You’re no doubt familiar with the scenario. A poor beggar-type finds an old lamp and decides if the thing is shined up, it might be worth keeping. As soon as he gives it the first cursory rub, there’s a cloud of smoke and a mystical not-quite-human appears, thanks the beggar-type for releasing him from the lamp, and offers to grant three wishes in return. The story, “Aladdin and His Wonderful Lamp” is the best-known of The Book of One Thousand Arabian Nights.
It’s not hard to see why. It appeals to our most basic desires and our basest instincts. Who doesn’t want riches attain power without having to work to attain them? However, the subtext in the story has crept into our ideas about God.
The supernatural power exists to make our lives easier. One rub of the lamp and our world is instantly transformed into one of ease and leisure. This is completely contrary to the New Testament where we are reminded that our trials and struggles not only strengthen our faith but they help move us toward greater Christlikeness.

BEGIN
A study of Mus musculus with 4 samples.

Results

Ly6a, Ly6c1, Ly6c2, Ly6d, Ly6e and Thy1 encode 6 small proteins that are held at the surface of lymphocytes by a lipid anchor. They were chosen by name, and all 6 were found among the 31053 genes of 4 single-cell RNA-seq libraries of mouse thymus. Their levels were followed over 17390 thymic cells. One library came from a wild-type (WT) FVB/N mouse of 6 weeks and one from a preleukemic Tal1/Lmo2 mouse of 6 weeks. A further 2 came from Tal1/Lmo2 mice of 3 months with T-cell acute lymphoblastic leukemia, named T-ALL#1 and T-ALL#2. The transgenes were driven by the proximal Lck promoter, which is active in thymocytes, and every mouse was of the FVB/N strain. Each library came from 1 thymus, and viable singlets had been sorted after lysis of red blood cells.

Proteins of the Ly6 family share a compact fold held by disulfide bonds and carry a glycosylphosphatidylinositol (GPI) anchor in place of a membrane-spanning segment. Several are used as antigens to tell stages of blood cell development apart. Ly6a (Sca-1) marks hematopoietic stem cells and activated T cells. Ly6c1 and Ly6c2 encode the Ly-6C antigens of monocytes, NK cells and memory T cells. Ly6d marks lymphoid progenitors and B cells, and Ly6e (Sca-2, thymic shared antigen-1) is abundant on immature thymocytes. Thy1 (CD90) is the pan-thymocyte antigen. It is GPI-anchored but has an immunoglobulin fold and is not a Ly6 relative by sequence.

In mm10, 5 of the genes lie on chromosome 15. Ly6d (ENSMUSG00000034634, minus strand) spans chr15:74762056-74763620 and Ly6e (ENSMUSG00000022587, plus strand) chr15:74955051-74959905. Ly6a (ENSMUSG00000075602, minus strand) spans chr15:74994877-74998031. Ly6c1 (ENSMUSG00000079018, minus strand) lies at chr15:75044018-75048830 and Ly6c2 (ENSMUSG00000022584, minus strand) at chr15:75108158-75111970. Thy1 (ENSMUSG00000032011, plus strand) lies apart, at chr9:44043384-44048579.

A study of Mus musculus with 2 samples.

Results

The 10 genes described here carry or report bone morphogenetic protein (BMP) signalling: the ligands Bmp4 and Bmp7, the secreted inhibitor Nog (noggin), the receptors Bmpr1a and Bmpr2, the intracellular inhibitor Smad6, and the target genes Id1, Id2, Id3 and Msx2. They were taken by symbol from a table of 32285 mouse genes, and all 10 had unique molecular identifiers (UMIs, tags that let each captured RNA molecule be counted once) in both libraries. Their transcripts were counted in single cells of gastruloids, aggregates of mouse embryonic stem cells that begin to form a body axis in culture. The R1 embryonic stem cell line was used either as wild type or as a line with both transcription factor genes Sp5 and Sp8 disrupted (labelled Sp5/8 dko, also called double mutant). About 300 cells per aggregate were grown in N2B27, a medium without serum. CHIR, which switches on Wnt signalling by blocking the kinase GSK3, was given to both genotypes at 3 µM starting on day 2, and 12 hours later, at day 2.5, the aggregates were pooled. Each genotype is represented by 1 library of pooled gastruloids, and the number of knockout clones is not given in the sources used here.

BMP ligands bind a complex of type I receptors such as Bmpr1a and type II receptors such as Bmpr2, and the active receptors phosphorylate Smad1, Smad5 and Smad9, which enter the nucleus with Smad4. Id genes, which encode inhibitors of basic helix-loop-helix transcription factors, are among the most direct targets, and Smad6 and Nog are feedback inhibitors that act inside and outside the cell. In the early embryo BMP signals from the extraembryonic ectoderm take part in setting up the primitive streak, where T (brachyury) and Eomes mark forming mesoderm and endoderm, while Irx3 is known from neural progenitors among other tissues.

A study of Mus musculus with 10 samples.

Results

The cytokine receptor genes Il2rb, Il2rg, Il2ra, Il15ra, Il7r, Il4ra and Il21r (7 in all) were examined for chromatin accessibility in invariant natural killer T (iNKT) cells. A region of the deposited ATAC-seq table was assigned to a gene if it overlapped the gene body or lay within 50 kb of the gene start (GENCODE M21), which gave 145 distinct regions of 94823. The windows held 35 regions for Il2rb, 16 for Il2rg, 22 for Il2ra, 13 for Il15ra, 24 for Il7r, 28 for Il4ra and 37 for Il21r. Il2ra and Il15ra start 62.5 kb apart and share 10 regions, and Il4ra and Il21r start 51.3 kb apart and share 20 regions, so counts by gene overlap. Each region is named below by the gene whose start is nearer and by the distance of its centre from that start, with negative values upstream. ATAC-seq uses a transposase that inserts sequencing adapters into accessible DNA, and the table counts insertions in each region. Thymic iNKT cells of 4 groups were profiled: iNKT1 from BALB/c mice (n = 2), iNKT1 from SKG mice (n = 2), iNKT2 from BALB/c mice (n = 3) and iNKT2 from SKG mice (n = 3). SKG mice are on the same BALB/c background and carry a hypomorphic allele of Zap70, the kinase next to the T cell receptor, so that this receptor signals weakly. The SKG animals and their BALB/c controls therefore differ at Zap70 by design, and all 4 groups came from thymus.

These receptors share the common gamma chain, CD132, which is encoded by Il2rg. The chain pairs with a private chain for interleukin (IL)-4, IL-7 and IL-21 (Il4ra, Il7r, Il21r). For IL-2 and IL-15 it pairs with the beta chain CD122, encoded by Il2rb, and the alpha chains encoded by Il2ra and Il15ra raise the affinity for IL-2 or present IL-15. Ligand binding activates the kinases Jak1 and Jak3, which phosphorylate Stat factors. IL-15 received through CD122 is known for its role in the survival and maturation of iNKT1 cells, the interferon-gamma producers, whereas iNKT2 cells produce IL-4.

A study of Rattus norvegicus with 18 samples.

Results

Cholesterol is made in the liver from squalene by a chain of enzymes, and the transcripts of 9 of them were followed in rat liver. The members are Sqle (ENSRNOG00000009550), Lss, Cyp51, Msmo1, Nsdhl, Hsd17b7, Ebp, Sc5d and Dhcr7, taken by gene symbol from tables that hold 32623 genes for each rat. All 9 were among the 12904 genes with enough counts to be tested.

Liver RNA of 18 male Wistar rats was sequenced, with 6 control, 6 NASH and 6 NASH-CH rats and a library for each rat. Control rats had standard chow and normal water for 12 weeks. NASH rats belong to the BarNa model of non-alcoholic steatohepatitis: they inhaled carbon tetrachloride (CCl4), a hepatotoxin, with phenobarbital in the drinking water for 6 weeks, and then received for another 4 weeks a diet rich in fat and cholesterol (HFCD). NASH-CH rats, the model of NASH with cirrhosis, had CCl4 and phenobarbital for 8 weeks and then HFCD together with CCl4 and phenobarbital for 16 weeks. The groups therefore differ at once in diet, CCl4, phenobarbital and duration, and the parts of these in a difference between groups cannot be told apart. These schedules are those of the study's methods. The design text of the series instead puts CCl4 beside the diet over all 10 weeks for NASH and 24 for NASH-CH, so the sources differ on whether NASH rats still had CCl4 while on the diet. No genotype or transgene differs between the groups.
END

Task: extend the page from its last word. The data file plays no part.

The supernatural power follows our agenda. The genie hears and obeys with a “Yes, master,” thrown in for good measure. In contrast, God has a divine will which He works all things in concert with.
The supernatural power provides instant gratification. Speak the wish and *poof* wish granted. God teaches us maturity through patience and self-denial. Plus seeking to gratify ourselves is contrary to the life of submission Christ calls us to.
Genie theology taps into that most original sin, the desire to be like God, effectively displacing Him from the throne. When we expect God to answer our prayers on our schedule, or when we expect Him to make our lives more comfortable, that’s genie theology creeping in. When we look for God to bless us materially while discounting the rich spiritual blessings He has bestowed (and continues to pour out) on us in Christ Jesus (Ephesians 1:3) we’re embracing genie theology.
Besides, who wants to be limited to just three requests?
Next week we’ll finish up this series with Santa Claus.